Today, Westpac is paying 1.1% term deposit to clients and 9.25% to its shareholders . . . Search for a higher income is heating up and looks like will be here to stay for us for years to come.
Over the past two months the Reserve Bank of Australia has cut interest rates from a then record low of 1.5% to a new record low of 0.75%. This may be good for borrowers but where does it leave savers? Unfortunately, the days of earning a respectable return in a bank account are now over with the majority of bank interest rates below the official inflation rate. This is an important inflection point as you’ll soon discover.
The most recent inflation rate according to the Australian Bureau of Statistics is 1.6% p.a. which is the hurdle that any investment has to exceed to produce a real increase in purchasing power. Because inflation represents the rate at which economy wide prices are rising, a return of less than the inflation rate means that the real purchasing power of the investment will have declined even if the dollar amount has increased. Committing your money to a bank, in the form of a term deposit, can often earn better interest rates than a typical transaction or savings account. We have therefore gathered information about the current one-year term deposit rates on offer from the big four banks and compared them to the current inflation rate. The best rate we could find came from the Commonwealth Bank (CBA) which was offering 1.35%, and this, of course, is before tax. This means that even a tax-free investor would be suffering a purchasing power decline of 0.25% per annum at the current inflation rate. If this investor continued to roll over the term deposit for the next ten years, and everything else remained the same, the investor would lose 2.4% of their purchasing power despite the account balance increasing every year.
Now given this, what are the options for an investor to avoid this ‘inflation tax’ and produce a real increase in purchasing power over time? A fundamental tenet of investing is that in order to produce a higher return we need to take more risk and that applies in this case. One option is to look at investing in bank stocks. The value of the principle will certainly be more volatile than money in the bank (i.e. riskier) but the returns can be substantially higher and the big four banks are generally considered to be some of the safer stocks on the ASX. The table below compares the gross (including franking credits) and net (excluding franking credits) dividend yields for the big four banks alongside the corresponding term deposit rates. The gap is huge, particularly for the highest yielding bank, Westpac Bank (WBC), which currently has a gross dividend yield of 9.25%, far above the current inflation rate.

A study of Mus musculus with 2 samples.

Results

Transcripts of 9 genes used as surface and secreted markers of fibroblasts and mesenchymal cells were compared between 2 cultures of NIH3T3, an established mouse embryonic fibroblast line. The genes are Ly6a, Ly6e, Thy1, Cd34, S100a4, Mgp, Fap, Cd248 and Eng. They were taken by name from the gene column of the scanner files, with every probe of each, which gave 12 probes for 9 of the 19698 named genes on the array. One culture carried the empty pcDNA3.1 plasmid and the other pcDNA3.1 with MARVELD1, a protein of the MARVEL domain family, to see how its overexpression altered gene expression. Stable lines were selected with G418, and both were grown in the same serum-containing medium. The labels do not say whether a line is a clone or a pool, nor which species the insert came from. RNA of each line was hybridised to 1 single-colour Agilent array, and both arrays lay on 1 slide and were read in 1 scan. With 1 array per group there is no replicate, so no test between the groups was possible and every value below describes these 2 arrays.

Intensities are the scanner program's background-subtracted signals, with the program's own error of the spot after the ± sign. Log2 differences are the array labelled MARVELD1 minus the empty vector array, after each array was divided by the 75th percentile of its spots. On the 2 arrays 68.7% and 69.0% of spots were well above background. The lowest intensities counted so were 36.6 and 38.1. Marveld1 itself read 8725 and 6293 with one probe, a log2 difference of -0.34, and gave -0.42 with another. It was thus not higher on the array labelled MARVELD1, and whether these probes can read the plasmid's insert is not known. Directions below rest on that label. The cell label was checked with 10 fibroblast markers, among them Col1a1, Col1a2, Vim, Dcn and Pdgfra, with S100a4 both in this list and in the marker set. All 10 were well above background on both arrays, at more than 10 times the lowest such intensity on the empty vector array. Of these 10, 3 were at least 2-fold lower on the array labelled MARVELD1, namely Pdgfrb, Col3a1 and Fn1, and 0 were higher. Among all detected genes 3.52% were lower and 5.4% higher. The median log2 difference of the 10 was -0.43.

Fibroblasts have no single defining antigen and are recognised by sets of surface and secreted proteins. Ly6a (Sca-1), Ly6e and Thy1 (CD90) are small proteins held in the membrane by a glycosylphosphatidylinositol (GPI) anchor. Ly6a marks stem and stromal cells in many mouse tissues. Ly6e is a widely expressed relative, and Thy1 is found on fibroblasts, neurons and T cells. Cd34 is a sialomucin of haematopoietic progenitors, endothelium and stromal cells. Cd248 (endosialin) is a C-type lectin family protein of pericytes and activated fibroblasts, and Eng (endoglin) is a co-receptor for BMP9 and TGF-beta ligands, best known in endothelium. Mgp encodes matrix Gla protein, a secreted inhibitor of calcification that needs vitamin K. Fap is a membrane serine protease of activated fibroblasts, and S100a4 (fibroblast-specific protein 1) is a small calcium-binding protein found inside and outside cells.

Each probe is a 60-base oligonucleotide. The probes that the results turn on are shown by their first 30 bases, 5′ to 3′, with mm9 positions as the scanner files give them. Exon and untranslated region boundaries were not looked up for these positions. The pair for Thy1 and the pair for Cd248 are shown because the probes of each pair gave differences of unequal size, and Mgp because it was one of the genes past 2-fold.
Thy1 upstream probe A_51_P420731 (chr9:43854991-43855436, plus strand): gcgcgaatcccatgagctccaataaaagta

|1-Year Term Deposit Gross Income||Dividend Yield (Gross)||Dividend Yield (Net)|
This may tempt readers to consider investing in one or all of the big four banks to obtain these dividend yields but from a diversification point of view this may not be the smartest option. Each of these four banks are relatively similar to each other and therefore even investing in all four does not provide a whole lot of diversification. To get around this problem, Rivkin offer investors a Blue Chip portfolio that invests in the ten of the highest dividend yielding stocks in the ASX 50. This provides a portfolio that is both high yielding and diversified. The portfolio is checked monthly for the need to rebalance but on average we only actually trade this strategy three times per year.
For readers today we are giving access to this portfolio for free for a period of three months. This will give you access to the current portfolio holdings as well as notify you of any rebalances we do over this time.
(Source for the above interest rate table is the respective banks website on 1st November 2019)
*Investing in stock market carries financial risk. Historical performance of a stock or dividend yield does not guarantee future performance or yield. Before investing your money understand the risks of the product you are investing in.